Civil War Reconstruction
The Civil War was one of the most intense and heart rending periods of the History of the United States. It was a period where at times people in the same family would take up arms on opposing sides, brother against brother, North against South.
For many people, the Civil War represented an effort by the Southern States to cleave off and become their own country. There were rich Slave owners that did not want to stop owning and managing slaves.
However, there were a lot of other issues, such as representation in Congress of the interests and goals of people in the South.
The time period after the Civil War was very chaotic, and it was one where many people swarmed into the defeated South. Some were official representatives of the U.S. Federal Government, and there were some of these people who were honorable, and good people.
It was the job of some of these men (because at this time Women were not normally business or political representatives) to help regain services and restart different elements of infrastructure in the South, some of which had been destroyed.
Reconstruction dealt with how different areas, and different Southern States would regain their status as part of the United States. Such things as how former slaves, now free, would be treated, how states would resume their seats in both houses of Congress, and other issues.
The time period of Reconstruction was not an easy one, and there erupted violent conflict as a result, and controversy spread across the south on these different issues.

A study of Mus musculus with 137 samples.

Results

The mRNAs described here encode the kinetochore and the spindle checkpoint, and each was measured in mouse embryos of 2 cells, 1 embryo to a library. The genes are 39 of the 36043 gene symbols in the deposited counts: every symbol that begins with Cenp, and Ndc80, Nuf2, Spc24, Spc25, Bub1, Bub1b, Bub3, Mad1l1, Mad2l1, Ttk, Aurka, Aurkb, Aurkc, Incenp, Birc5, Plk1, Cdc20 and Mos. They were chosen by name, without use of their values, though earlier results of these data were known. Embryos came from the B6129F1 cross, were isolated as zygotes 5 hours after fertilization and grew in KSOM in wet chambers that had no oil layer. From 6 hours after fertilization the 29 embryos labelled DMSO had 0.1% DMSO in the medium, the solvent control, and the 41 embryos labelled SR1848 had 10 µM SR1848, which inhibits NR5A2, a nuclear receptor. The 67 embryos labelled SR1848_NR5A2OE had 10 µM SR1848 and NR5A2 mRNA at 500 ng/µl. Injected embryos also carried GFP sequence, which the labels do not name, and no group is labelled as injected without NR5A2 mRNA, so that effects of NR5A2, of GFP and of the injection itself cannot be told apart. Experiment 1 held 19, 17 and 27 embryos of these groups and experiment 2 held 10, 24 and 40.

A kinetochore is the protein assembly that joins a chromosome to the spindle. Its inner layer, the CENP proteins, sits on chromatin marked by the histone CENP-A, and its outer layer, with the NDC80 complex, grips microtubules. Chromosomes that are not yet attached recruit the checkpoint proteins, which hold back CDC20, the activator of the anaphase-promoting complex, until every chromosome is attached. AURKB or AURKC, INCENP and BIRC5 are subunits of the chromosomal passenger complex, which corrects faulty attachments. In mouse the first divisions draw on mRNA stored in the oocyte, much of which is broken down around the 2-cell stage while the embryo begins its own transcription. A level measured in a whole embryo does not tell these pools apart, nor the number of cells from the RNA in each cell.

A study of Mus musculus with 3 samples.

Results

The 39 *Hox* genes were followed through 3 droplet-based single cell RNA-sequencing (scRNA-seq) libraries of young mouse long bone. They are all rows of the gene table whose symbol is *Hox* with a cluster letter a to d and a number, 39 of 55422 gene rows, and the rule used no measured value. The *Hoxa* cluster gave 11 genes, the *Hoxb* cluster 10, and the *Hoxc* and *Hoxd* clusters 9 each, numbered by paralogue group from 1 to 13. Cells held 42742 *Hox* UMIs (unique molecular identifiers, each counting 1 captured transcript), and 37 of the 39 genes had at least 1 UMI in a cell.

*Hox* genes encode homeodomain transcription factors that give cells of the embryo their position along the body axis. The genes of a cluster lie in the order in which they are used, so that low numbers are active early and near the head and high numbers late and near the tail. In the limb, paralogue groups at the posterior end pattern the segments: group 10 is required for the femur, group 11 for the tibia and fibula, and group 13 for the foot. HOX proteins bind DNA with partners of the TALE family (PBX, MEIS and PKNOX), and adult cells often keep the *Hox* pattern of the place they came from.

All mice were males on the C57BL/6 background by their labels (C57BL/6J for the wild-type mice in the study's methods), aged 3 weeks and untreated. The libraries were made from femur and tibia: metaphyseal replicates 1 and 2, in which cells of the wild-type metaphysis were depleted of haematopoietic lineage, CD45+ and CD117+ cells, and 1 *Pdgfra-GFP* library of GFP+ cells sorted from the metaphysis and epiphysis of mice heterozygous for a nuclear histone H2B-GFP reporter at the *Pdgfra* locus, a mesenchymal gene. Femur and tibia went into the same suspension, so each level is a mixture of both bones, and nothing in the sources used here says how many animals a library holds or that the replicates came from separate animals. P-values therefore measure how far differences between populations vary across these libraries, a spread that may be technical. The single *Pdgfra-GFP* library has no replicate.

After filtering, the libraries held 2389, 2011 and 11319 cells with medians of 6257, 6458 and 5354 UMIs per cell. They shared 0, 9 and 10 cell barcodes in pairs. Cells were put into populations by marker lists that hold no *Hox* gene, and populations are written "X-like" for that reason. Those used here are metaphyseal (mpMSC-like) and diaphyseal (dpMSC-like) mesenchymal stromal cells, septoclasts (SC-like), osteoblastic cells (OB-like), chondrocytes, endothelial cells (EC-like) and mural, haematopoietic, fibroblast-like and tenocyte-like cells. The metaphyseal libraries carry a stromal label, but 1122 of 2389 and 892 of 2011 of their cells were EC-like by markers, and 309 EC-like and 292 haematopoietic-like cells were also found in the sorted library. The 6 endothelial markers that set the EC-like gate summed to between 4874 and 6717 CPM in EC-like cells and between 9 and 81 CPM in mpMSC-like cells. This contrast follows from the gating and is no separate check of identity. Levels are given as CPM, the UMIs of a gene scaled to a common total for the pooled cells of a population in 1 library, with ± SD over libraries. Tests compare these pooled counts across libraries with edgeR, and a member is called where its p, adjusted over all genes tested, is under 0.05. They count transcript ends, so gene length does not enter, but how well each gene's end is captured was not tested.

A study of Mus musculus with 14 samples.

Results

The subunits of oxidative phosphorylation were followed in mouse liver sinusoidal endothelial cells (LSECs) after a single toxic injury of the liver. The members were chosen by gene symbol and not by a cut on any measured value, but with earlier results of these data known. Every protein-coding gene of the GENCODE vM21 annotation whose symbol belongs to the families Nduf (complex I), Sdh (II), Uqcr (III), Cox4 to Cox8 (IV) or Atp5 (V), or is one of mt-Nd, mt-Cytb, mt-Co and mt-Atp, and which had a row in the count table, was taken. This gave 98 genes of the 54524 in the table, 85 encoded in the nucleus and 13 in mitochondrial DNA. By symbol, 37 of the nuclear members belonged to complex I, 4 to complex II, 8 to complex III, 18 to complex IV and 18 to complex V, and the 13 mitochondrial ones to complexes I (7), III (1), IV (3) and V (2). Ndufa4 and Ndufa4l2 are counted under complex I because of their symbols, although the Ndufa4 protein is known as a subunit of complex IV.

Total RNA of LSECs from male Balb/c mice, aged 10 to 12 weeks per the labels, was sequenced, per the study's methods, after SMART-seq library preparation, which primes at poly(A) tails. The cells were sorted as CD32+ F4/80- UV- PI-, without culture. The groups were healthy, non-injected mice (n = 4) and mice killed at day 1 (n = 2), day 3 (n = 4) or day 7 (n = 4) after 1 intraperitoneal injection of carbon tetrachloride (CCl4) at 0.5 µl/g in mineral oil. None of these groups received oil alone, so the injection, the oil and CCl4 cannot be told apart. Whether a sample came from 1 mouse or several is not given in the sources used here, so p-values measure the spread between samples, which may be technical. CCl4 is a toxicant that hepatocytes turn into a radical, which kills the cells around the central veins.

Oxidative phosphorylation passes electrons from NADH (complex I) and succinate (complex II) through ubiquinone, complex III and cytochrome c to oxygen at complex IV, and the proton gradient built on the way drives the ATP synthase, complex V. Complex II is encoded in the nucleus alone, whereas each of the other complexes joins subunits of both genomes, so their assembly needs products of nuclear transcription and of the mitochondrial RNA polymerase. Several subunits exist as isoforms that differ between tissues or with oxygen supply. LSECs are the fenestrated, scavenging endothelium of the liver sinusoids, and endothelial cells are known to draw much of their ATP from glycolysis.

In addition, besides the positive and moral agents of the U.S. Federal government, there were many different people who were dishonest and criminal that tried to take advantage of the defeat of the south.
These people were called “Carpetbaggers,” which was as term of derision and disrespect used by Southern people for those that tried to come in and take advantage.
Constitutional Amendments, negotiation and state and local elections worked to reestablish the South as part of the United States, but it was a time of turmoil, controversy and at times violence. Passage of the 13th, 14th and 15th Amendments to the Constitution were part of the legacy of the period of Reconstruction, from the end of the civil war in 1865 until about 1877.
In 1877 Republican Rutherford B. Hayes was elected President of the United States, and he withdrew Federal troops from the South, in the Compromise of 1877.
Most historians believe this event signaled the effective end of the period known as Reconstruction.